Episode 2: A Special Form of Darkness, Tramway, Glasgow, Sun 26 Feb
A mixed bag exploration of pessimism, decay and banality
So, is everything just a bit fucked? Dissecting pessimism, decay and banality is the theme of the day on the Sunday of Arika’s weekend, Episode 2: A Special Form of Darkness, with opening talks by writer, theorist and blogger Evan Calder Williams and occult philosopher and columnist Eugene Thacker.
Williams questions the notion that there is in fact a total lack of depth in how and what we perceive as darkness. Rather than simply a layer of black, it’s a multifaceted, grey area which never ceases once it’s stripped bare. Cue a sleuth of Lovecraftian dissections regarding repetition in horror literature along with film extracts from the likes of John Carpenter’s underrated headburner In the Mouth of Madness. A well-presented and intriguing diatribe, if you can cope with the teen angst of it all. Thacker’s discussion on ‘Cosmic Pessimism’ certainly lacked the assertiveness of Williams, but made up for it in content regarding the universal insignificance of the human race on a planetary level, building some celestial link between that of Robert Anton Wilson and Arthur Schopenhauer.
Iain FW Campbell’s two panel show-inspired performances aided with the help of various cohorts has an amusing but somewhat Fringe Festival vibe about it. Its jovial content included moaning about Beckett, loops of the soul singing sensation Adele and the panellists telling one another to shut up unilaterally.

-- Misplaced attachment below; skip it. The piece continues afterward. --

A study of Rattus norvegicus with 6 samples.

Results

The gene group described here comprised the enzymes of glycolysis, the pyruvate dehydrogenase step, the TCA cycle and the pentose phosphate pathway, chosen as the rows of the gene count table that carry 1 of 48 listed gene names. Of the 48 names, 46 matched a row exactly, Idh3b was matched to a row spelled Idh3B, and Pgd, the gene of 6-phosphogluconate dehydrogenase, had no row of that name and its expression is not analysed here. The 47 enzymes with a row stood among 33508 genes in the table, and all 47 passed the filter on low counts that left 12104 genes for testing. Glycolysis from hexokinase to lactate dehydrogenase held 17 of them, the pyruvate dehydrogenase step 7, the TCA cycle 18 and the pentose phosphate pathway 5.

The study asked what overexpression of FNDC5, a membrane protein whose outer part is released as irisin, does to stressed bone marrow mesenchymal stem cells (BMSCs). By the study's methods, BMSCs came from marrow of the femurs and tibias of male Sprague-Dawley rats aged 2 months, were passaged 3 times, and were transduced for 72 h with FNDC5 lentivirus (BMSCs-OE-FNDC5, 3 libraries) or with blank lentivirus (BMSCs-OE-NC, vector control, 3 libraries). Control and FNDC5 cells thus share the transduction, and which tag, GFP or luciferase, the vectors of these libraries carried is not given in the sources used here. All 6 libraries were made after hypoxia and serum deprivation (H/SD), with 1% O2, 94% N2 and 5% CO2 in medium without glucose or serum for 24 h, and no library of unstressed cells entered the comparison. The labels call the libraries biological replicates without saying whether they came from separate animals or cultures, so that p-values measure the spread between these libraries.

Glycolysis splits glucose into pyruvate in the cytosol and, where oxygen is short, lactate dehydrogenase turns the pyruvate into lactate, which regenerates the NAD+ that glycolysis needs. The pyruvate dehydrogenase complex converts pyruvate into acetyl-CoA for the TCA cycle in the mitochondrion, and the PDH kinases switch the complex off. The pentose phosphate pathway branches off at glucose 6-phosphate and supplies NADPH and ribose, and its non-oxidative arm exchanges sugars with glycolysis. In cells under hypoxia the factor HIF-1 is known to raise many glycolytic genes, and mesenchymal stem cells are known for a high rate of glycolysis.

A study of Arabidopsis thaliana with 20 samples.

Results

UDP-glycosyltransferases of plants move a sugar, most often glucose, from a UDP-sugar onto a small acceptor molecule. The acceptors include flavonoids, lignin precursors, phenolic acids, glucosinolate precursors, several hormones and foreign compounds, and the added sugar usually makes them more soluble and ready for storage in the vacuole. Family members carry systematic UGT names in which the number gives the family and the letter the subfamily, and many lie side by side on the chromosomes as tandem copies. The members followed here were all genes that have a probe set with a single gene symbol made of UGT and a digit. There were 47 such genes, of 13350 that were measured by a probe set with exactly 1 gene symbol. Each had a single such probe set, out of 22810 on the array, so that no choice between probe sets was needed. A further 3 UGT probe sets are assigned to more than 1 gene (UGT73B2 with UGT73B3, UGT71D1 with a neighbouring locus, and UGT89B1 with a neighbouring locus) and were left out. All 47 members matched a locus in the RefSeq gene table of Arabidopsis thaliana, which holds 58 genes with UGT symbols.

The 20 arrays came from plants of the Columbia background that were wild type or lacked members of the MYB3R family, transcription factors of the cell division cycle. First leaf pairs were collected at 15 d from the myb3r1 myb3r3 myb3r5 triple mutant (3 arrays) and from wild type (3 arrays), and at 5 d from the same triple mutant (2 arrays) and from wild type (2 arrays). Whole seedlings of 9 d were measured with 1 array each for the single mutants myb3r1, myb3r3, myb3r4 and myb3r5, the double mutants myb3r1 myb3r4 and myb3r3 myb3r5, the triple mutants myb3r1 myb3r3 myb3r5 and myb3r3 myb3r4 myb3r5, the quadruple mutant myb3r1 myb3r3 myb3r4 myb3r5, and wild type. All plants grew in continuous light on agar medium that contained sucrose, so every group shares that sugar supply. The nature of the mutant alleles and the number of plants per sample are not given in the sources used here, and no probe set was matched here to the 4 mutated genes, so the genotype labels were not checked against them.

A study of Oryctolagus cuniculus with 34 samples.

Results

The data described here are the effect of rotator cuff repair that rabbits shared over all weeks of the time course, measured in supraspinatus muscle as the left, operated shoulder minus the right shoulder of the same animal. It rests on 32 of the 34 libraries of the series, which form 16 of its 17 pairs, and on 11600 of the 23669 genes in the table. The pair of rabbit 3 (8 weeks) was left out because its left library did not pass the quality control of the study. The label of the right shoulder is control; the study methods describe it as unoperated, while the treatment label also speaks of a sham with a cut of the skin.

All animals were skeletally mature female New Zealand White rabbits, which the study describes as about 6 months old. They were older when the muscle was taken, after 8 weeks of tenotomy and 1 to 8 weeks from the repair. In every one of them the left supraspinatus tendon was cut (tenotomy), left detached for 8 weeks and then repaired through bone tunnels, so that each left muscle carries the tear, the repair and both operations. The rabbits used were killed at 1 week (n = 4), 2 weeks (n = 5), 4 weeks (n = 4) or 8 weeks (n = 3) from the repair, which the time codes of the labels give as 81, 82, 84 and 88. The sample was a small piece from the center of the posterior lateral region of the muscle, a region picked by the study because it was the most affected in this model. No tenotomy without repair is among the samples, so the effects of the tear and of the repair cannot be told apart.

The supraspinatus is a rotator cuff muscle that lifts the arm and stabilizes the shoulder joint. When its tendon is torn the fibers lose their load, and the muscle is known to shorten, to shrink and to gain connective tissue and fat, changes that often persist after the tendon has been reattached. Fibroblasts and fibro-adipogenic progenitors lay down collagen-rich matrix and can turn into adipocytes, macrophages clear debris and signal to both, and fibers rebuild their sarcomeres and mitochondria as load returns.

The most testing event of the day was Taku Unami’s ‘Inhuman Grand-Guignol Theatre’ piece, also inspired by Lovecraft and the modern horrors and absurdities of our everyday actions. The main theatre is darkly adorned with highly mounted cardboard boxes, slowly knocked over by Cthulhu-esque cranes from above, operated by a barrage of ropes and pulleys, assisted with an organ soundtrack akin to something that Wendy Carlos would have left on the cutting room floor. Taku’s piece is sluggish, un-enchanting and utterly pointless; but perhaps that's the point?
Japanese noise legend Keiji Haino then takes the dimly-lit stage of the theatre for the day's highlight, slowly building up his primordial vocal set with some gentle voice cracks and light shrieks before heading straight for the jugular. He flips into a death grunt and gargles between his mics, straddling sheer volume with silent undercurrents. As stripped back as it may appear on paper, the sound generated on stage is purgative with the same hypnotic physicality apparent found on his guitar and electronic compositions.
An operatic interruption via a loop pedal builds a layer of calm melody half-way through this exorcism, with shifting key changes and falsetto harmonies interlocking in an unexpected moment of tranquillity. Twisted wails and microphone clicks storm back onto stage with some full-on body contortions and vocal percussion which eclipses the already sensitive frequencies within the Tramway’s tweaked PA system – eventually abandoning the mics all together with an acapella wig out on all fours. Despite bordering on the farcical at moments, it’s an endearing display of physicality and an appropriately long-winded end to ‘Episode 2’.